Hikikomori

In this game you play an antisocial shut-in who doesn’t want to leave his room. Appropriately, you play this game by yourself. It’s sort of like a cross between a choose your own adventure and a writing exercise, only with more ten-sided dice and insanity.

Introduction

The term hikikomori refers to a phenomenon that’s become a problem in Japan, where adolescents and young adults (mostly but not entirely guys) start seeking social isolation, shying away from normal human contact as much as possible in favor of hiding in their rooms. Some of them have hobbies that keep them busy, while others just stare at the ceiling. I could try to go into detail about this, but (1) this is a 24-hour RPG and as of 2:2 p.m. PST on Monday, June 12, 2006 I’m on the clock, and (2) I’d probably screw it up, especially since a lot of my sense of what a hikikomori is like comes from the novel NHK ni Youkoso (“Welcome to the NHK”) by Tatsuhiro Takimoto (which I recommend reading for reference… if you happen to be able to read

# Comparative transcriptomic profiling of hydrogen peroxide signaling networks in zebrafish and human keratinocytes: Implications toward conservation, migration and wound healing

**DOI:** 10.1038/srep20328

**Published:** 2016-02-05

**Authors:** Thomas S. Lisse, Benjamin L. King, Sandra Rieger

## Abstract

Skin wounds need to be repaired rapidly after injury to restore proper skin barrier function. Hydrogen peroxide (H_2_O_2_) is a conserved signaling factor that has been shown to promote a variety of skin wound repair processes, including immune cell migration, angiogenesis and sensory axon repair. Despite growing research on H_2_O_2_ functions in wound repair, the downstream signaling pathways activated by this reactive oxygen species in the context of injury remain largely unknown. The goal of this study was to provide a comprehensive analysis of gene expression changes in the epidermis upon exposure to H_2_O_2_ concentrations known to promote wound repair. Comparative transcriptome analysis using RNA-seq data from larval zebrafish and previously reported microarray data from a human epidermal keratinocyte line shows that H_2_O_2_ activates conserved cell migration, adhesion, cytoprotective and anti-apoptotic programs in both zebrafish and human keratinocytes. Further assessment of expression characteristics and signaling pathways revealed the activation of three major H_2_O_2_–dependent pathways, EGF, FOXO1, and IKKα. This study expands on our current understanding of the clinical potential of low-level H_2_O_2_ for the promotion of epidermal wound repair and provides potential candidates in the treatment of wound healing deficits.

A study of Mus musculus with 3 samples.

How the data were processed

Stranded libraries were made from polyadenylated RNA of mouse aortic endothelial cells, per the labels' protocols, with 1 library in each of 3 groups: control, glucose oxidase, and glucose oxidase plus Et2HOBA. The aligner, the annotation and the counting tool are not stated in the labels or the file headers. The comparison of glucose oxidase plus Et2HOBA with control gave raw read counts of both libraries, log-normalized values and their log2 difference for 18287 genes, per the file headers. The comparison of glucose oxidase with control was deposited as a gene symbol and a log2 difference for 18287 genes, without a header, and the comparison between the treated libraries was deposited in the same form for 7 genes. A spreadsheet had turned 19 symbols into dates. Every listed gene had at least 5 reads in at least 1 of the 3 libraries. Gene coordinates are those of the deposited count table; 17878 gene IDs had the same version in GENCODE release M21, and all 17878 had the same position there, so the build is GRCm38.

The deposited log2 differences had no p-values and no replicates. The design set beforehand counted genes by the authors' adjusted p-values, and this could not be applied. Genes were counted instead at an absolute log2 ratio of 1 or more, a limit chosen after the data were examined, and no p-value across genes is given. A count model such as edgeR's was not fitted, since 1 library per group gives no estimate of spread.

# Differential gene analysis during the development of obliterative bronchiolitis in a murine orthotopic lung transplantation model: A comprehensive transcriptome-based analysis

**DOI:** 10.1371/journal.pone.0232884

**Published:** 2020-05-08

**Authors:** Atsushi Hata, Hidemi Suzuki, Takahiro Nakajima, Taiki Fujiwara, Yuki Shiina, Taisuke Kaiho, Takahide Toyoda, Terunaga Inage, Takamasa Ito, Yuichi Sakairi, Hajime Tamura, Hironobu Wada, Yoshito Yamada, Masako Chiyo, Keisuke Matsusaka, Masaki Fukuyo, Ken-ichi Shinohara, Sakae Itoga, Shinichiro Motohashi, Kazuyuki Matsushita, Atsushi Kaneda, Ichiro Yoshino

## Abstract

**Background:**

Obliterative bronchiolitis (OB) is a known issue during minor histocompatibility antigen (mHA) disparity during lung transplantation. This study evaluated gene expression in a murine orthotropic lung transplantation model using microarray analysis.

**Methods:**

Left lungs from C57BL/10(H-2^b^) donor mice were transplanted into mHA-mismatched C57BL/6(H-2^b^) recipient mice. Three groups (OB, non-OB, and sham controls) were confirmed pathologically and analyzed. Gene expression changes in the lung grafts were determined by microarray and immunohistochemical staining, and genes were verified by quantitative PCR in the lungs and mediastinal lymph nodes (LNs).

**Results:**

Japanese). For some info on the subject that’s somewhat better than anything I could write, either do a Google search, or look here:

http://en.wikipedia.org/wiki/Hikikomori

Jhonen Vasquez’ comic Jhonny The Homicidal Maniac probably played into this a little bit too, especially with the imaginary friends.

Anyway, this game is a “solo RPG,” which admittedly is kind of an oxymoron. But I figured that if I’m going to make a game about antisocial shut-ins, it ought to be a game you could play by yourself. In this game you’ll be rolling dice (you’ll need plenty of ten-sided dice) and following instructions to generate events, making some choices about those and rolling a few more dice, and then writing a fictional diary entry based on the results. Out of necessity it’s not as open-ended as a normal RPG, but then it’s mostly a writing exercise. You can write on paper, type them up, or put them in a blog. Needless to say I’m curious what the results will be like, but you can do whatever you want with them.

By default, the game ends after your character goes through seven unusually eventful days. One of the ways in which it’s like a typical RPG is that there isn’t any particular way to “win.” If you want your character to get out of his rut and rejoin society, or stay the same, or kill himself, or whatever, you can try to steer him that way, but a lot of stuff will come down to how the dice fall. The real game is turning all this nonsense into coherent writing.